Wayne McGregor’s new ballet Tetractys – The Art of Fugue has already proved unlucky. Star ballerina Natalia Osipova was concussed at the second performance. With no second cast available due to the ballet’s “complex nature”, the third was cancelled outright. The next depends on the recovery of Osipova and Thiago Soares, who was also taken ill.
With its light sculptures and tied-in-knots steps, Tetractys is certainly complicated. Set to music from Bach’s The Art of Fugue, McGregor’s new work aims for mathematical intricacy. In Tauba Auerbach’s designs, geometric patterns light up overhead. The 12 dancers – five women, seven men – change from one set of coloured body tights to another.
In both ballet and his contemporary dance work, McGregor has been an ideas man rather than a music-driven choreographer. This time, you can see him trying different approaches to Bach’s lucid geometries. None of them get under the skin of the score.
Osipova and Edward Watson skate over the shape of the score as they pull themselves into extreme poses – the audience gives a hissed intake of breath at her first long-past-six-o’clock arabesque. A trio for Sarah Lamb, Steven McRae and Paul Kay sticks pedantically to the notes. McGregor isn’t helped by Michael Berkeley’s new orchestration, which adds a layer of schmaltz to this rigorous music. There are some better ideas: the dancers moving through patterns in silence between numbers, or muscular duet for tall Lauren Cuthbertson and the compact McRae.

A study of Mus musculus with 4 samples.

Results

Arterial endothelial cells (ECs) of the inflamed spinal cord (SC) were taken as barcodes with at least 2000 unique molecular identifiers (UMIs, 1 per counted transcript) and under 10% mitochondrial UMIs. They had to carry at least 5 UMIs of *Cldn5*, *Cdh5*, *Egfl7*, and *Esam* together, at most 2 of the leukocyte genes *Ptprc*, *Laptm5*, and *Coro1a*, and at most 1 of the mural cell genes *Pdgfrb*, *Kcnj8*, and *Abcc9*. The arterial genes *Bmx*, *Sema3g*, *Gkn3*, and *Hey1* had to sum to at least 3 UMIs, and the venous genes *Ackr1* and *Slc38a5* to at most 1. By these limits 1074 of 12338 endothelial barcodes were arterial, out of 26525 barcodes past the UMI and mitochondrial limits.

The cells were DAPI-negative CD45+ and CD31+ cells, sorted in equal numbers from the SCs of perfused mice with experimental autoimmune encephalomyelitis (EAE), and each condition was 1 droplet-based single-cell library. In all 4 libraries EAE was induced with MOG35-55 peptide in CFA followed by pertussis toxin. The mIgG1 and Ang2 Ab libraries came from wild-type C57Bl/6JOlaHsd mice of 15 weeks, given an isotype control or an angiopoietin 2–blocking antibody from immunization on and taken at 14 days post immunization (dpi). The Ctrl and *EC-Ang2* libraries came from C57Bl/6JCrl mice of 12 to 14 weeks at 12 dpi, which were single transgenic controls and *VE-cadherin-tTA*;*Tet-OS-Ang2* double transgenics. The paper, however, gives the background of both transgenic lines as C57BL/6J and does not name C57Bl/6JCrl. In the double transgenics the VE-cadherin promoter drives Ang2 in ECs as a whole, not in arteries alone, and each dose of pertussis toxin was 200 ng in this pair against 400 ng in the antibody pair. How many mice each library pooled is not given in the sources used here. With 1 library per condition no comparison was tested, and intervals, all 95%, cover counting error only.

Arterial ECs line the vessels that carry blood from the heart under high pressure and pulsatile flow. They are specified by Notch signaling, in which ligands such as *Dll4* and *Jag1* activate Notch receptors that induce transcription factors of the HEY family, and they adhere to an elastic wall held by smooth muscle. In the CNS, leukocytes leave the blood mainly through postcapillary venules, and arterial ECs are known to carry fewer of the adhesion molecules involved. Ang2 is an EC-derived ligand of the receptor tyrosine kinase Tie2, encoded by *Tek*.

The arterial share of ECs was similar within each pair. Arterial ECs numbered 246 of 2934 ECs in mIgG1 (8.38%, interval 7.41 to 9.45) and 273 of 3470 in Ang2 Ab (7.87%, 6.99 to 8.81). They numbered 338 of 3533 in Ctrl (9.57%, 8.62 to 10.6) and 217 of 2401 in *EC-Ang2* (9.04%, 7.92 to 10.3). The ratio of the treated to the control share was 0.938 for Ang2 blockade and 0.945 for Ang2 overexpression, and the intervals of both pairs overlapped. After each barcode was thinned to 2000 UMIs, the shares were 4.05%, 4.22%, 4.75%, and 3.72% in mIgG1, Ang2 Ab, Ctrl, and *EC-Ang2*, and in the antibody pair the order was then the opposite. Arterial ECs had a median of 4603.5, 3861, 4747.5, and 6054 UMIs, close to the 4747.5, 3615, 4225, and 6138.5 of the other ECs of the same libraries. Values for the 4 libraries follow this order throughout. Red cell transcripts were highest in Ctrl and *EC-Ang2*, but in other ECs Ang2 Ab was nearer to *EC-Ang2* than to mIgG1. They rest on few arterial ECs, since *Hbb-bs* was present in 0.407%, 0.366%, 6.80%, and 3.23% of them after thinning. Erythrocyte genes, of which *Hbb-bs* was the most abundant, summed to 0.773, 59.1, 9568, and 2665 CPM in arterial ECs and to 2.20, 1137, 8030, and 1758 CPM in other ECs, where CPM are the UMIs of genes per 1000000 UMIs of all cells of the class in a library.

McGregor’s dancers do him proud. For the first time since she joined The Royal Ballet this season, Osipova was dancing in an ensemble rather than as a superstar. She takes on McGregor’s style with commitment and grand authority. She hid her accident well on stage: there was no sign that she had been injured. McRae is taut and composed, while Cuthbertson danced with fiery attack. Despite its dancers, despite Auerbach’s modish designs, the whole ballet feels muted and dull.
The programme opens with Frederick Ashton’s Rhapsody, a virtuoso showcase. McRae is a surge of energy with superb comic timing, soaring and spinning through the firework steps with throwaway élan. As his ballerina, Laura Morera dances with crisp speed, relishing the quirky detail of Ashton’s backbends. At the second performance, Hay made a bright debut – he can’t yet match McRae’s stage presence, but this was a clean, elegant account of a murderously difficult role. Francesca Hayward, also making her debut, danced with floating ease and gorgeous musical phrasing.
The evening ends with Gloria. Kenneth MacMillan’s lament for the First World War is full of weighted dances to Poulenc’s religious music. Andy Klunder’s designs evoke a stylised battlefield, the dancers’ tattered costumes suggesting battered or even ghostly bodies. There are some rough edges to this revival, but Melissa Hamilton made a superb debut as the leading woman, showing an elegiac sense of line. On opening night, Carlos Acosta was grounded and noble as the leading soldier; at the second performance, Edward Watson makes it an angrier, more wounded edge.